Judy Smith is the author of Good Self, Bad Self: Transforming Your Worst Qualities into Your Biggest Assets. She is one of the premier crisis management experts in the world, Smith has become the go-to person for corporations, politicians, and celebrities seeking counsel in times of crisis. She has worked on: the Iran Contra investigation, the prosecution of former D.C. Mayor Marion Barry, the Supreme Court confirmation hearings of Justice Clarence Thomas, the impeachment process of President Clinton, the Chandra Levy investigation, as well as the Enron Congressional inquiry. She also serves as a counselor to BellSouth, Union Pacific, Starwood Hotels, Nextel, Federated Department Stores, among other companies.
In this interview, Judy talks about how to handle a workplace crisis, how to handle a bad manager situation, the worst crisis she's experienced, and more.
What is the first thing you should do if you're in a crisis at work? What should you avoid at all costs?
The first thing you will want to do is conduct a 360 degree assessment of your situation. You need to know the facts, the players, and understand the landscape in which you are operating from in order to develop an effective crisis communication strategy. At one time the landscape would have simply meant the office or corporate environment but in today’s age of information and global connection, often there are layers to the landscape to be considered. For example the recent situation with JP Morgan, if that crisis happened 15 or 20 years ago, it might not have been so likely that the JP Morgan would have been called up on the hill. But in light of the countries financial situation and resulting financial climate—it is a big difference. The amount of media given to it is far greater, more probing and given to a wider range of opinions from many with different agendas. Such attention, especially in a complex setting such as finance, can give rise to out of context statements that can negatively impact the brand. It’s much easier today to become a target.
So determining the scale of the crisis would obviously determine the response. What you should avoid at all costs is to lie, it might buy you some time but it will eventually mushroom your problem. Find someone you can trust to discuss your options with, you may be too caught up emotionally to see clearly. In order to gain some control of the situation you will need to be proactive rather than reactive. If you know a problem is looming, initiate dialogue before it breaks there’s a better chance of you handling it on your own terms. And realize that it will be a difficult time but not an impossible one.
What do you do if you can't get along with your manager? Should you quit or try and work it out?
It is always prudent to make honest efforts to work out issues with your manager. However, while some issues can easily be resolved through frank dialogue, there are situations where it may be in one’s best interest to seek other opportunities. And assume that whatever you say about your manager will get back to him whether that was your intention or not. If you do leave and need a reference try to go to someone else, if you can’t, discuss the situation with your possible future employer.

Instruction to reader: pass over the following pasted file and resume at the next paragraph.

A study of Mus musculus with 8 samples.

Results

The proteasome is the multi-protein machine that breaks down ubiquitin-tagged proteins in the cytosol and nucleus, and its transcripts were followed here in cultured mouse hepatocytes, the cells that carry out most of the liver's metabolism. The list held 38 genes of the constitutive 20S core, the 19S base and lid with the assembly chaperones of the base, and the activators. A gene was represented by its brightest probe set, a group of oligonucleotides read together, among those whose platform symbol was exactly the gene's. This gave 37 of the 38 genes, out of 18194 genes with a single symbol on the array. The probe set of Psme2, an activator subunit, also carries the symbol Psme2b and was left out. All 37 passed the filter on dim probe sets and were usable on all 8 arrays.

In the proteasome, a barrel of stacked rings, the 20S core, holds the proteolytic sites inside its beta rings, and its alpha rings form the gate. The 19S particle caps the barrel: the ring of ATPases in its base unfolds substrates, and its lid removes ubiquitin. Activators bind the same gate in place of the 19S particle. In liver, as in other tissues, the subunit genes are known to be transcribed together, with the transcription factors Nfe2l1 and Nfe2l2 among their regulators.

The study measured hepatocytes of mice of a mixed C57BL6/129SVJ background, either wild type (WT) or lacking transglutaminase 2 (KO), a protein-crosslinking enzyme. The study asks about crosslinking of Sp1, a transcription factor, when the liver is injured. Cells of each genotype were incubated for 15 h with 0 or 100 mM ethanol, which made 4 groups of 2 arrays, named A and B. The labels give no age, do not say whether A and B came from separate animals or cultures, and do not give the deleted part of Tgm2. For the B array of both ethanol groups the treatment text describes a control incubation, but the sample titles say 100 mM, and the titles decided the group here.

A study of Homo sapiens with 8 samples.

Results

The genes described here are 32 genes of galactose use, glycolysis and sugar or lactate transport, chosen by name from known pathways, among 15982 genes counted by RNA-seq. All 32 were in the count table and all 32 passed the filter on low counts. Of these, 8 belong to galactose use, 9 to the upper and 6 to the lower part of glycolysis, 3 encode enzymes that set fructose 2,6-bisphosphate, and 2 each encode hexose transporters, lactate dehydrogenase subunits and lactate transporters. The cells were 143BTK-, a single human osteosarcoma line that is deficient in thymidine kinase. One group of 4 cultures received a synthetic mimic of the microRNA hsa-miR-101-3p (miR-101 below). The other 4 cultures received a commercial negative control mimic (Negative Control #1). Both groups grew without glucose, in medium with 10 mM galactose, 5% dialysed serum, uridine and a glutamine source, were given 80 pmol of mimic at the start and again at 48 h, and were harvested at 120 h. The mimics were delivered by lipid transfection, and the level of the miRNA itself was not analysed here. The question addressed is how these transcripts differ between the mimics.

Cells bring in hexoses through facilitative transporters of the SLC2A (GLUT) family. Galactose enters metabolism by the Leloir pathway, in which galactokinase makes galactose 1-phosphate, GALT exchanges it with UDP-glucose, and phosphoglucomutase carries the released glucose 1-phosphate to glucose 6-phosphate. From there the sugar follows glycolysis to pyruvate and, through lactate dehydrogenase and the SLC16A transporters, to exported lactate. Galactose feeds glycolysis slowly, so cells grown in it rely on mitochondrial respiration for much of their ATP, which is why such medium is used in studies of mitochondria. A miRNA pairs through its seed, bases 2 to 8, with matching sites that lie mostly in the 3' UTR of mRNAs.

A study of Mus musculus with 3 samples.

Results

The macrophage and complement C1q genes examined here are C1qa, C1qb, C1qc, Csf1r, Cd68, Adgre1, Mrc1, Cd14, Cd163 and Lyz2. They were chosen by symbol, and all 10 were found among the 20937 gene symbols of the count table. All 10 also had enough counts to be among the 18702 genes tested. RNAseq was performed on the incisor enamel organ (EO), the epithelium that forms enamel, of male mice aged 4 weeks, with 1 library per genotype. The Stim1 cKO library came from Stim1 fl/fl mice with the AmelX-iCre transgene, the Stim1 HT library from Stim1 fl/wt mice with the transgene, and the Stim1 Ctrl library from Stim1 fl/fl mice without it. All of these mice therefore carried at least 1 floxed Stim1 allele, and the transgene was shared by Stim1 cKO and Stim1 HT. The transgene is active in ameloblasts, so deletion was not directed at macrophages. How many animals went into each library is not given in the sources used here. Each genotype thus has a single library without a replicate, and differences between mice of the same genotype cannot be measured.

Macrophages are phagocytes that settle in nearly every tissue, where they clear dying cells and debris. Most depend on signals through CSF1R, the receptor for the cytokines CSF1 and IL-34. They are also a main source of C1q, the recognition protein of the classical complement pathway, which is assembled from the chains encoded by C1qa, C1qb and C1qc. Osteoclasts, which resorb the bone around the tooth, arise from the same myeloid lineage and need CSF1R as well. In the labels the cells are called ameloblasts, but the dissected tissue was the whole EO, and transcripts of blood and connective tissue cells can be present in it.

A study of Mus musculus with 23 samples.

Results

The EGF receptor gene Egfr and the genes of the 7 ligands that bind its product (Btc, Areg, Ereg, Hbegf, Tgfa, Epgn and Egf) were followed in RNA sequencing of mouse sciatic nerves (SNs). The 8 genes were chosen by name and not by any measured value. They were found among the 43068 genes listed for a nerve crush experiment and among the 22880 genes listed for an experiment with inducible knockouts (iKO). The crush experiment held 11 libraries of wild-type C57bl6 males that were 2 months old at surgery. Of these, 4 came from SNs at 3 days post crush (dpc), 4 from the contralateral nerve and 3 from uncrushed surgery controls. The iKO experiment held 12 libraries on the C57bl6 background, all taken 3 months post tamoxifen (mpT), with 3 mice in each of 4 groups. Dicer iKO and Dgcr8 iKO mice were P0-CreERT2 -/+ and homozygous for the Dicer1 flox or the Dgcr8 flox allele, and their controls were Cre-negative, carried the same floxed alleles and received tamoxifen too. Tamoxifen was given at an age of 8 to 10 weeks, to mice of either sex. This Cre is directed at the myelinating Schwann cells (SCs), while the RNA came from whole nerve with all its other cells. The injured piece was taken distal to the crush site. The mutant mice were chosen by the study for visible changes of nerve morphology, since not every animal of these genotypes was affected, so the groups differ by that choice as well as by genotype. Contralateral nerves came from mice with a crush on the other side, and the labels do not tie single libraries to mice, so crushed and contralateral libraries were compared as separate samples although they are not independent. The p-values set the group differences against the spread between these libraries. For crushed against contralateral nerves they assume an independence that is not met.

Out of all of your experiences, what was the worst workplace crisis you've ever seen and why?
The recent environmental disaster involving the BP oil spill in the Gulf of Mexico is an example of a monumental corporate crisis that was compounded by the company’s response. The company’s failure to initially communicate clearly and accurately to the public the magnitude of the crisis, coupled with the numerous gaffes made by its CEO, severely damaged the company’s reputation and credibility with the public.
In your book, you identify seven traits found in a crisis. Which ones do you find most often and how do you prevent them from getting out of hand?
I think Ego and Ambition are the two most frequent traits that can lead to a crisis. They are usually the driving force that can cause other traits, such as denial, and fear to arise. In my book I isolate the traits to better discuss them but there is certainly overlap and most crises develop as the result of a mixture of them. For instance, Ego is a healthy quality, it gives us confidence and often propels us to success but when it is out of control—it can really reap havoc. Once Ego pushes too far it can create situations that trigger other traits such as Denial. A person may hold such a high regard of themselves that they are blind to what is happening before them. How do you repair a broken work relationship at the office?
Never underestimate the power of open and honest communication. Often times people talk past one another and don’t really listen to what it is their colleagues and managers are truly saying, and in my experience this disconnect often leads to problems in the workplace. Try to understand their position as well as yours and see if you can come to an agreement on how to proceed.
Dan Schawbel is the managing partner of Millennial Branding, a Gen Y research and management consulting firm. He is also the #1 international bestselling author of Me 2.0 and was named to the Inc. Magazine 30 Under 30 list in 2010. Subscribe to his updates at Facebook.com/DanSchawbel.